NORTH OGDEN -- North Ogden Junior High music students sat spellbound for one hour as they listened to world-renowned pianist William Joseph tickle the ivories and offer words of wisdom on being successful in both music and life.
A year ago there wasn't even a piano to play at the school. The Legacy Music Alliance, a nonprofit group in Salt Lake City, helped the school purchase a baby grand piano for its music program because the school's piano was 50 years old and falling to pieces.
So when the group started working with Joseph's label to promote his latest CD, it seemed like a natural fit to visit North Ogden Junior High School. Keith Sorensen works for the alliance and was excited to visit the junior high and present Joseph to the students Thursday.
"I have a special place in my heart for the students here," Sorensen said to the group of about 90 music students gathered in the choir room for Joseph's master class.
Sorensen sent out an email to the nearly 100 members of the alliance, letting them know of the school tour Joseph was planning to do. North Ogden Junior High School band teacher Jessica Smith quickly replied. She had heard Joseph's piano playing on YouTube and knew it would be perfect for her students.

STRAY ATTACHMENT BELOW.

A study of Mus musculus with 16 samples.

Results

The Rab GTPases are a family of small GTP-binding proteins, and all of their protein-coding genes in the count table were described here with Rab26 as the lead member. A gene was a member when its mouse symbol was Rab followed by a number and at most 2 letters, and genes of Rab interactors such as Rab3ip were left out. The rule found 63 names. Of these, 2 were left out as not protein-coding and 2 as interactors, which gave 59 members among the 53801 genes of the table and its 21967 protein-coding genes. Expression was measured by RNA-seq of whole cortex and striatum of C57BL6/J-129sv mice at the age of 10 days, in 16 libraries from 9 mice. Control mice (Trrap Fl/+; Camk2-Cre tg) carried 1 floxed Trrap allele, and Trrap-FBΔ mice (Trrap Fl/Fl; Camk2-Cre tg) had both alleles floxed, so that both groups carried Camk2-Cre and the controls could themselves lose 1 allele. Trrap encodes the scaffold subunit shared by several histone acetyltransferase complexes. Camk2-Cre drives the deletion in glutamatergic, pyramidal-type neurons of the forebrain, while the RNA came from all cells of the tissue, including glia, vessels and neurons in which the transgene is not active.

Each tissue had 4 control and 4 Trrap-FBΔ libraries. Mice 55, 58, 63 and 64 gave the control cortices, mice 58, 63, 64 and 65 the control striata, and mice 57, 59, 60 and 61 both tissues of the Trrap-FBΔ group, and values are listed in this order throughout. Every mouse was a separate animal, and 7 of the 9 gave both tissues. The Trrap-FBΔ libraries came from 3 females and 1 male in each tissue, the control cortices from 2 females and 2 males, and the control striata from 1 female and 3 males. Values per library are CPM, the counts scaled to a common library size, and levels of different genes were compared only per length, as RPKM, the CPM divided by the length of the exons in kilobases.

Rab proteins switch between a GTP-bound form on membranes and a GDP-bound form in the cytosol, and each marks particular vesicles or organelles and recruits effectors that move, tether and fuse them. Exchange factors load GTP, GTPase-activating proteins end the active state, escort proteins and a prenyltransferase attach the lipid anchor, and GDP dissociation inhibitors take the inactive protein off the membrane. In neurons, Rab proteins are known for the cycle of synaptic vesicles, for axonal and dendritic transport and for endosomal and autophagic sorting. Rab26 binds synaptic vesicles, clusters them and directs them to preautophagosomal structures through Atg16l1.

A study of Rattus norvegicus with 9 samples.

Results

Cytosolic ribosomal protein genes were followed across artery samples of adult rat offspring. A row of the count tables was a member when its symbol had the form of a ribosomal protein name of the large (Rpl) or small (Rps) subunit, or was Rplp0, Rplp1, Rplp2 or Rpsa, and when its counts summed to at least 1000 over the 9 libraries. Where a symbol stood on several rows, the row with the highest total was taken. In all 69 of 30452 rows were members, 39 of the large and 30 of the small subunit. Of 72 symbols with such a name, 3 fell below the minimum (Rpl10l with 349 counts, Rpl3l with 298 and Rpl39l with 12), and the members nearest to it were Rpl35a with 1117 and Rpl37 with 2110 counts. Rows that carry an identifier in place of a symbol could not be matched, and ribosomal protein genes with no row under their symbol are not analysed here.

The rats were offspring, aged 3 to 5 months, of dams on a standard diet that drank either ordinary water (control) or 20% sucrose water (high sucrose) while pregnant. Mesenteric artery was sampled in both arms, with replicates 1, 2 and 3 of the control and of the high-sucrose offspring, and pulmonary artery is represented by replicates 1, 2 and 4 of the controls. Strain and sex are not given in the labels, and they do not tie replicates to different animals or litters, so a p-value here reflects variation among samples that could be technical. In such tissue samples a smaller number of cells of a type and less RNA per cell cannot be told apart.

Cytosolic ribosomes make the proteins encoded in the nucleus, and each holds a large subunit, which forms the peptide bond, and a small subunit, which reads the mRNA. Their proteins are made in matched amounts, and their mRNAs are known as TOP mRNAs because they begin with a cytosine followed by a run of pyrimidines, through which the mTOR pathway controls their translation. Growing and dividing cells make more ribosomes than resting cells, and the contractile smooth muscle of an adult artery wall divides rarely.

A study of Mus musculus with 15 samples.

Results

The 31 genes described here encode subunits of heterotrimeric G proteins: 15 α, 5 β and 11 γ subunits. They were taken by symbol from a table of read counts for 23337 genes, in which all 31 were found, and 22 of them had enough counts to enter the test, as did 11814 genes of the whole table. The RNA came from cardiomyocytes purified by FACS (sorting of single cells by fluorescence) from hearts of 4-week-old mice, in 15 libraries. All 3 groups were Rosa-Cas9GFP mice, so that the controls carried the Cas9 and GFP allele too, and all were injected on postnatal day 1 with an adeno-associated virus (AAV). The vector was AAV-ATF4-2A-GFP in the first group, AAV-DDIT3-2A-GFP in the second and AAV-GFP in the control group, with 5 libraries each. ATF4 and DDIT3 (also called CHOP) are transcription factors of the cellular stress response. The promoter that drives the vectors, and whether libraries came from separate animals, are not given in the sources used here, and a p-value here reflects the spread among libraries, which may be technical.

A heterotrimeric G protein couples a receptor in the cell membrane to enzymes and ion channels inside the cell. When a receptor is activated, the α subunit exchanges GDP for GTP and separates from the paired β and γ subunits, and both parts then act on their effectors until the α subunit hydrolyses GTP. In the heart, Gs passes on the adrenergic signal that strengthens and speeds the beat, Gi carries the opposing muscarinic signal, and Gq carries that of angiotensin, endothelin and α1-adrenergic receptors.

"I never thought he would actually come here," she said as she motioned to Joseph, surrounded by her students and madly signing autographs.
Joseph was thrilled to play on the school's new piano.
"I got my start with piano through the Boys & Girls Club," Joseph said. He is a native of Phoenix and was discovered by popular composer and lyricist David Foster. He has toured and played with musicians such as Josh Groban, John Mayer, Natalie Cole, Barbra Streisand, Kenny G, Alicia Keys, Beyonce and Michael Buble, but he loves performing for the students.
"I'm excited to be on the flip side," he said of educating the students about his experiences.
Joseph picked a student, Tiffany Betzer, out of the crowd and had her play three notes. From there, he quickly composed a song. Students looked at each other with their mouths gaping as he and local violist Aaron Ashton played the song and then named it after Betzer.
The 14-year-old couldn't believe how quickly he put the song together and now wants to work a little harder in her own piano studies.
"Now I know I need to learn my chords," she said.
Joseph told the students they needed to focus on three things: being prepared, gaining knowledge and experience.
Allora Clark left feeling inspired. The 15-year-old was around last year when the new piano was delivered to her school.
"I'm really amazed at how he does that," she said. "It was really inspirational."
His advice to stick with things and succeed has motivated her.
Seventh-grader Ryan Enslo walked out of the class covered in William Joseph signatures -- on his hands, arms and his band book.
"It was just so awesome," he said. "I want to remember it when I am older."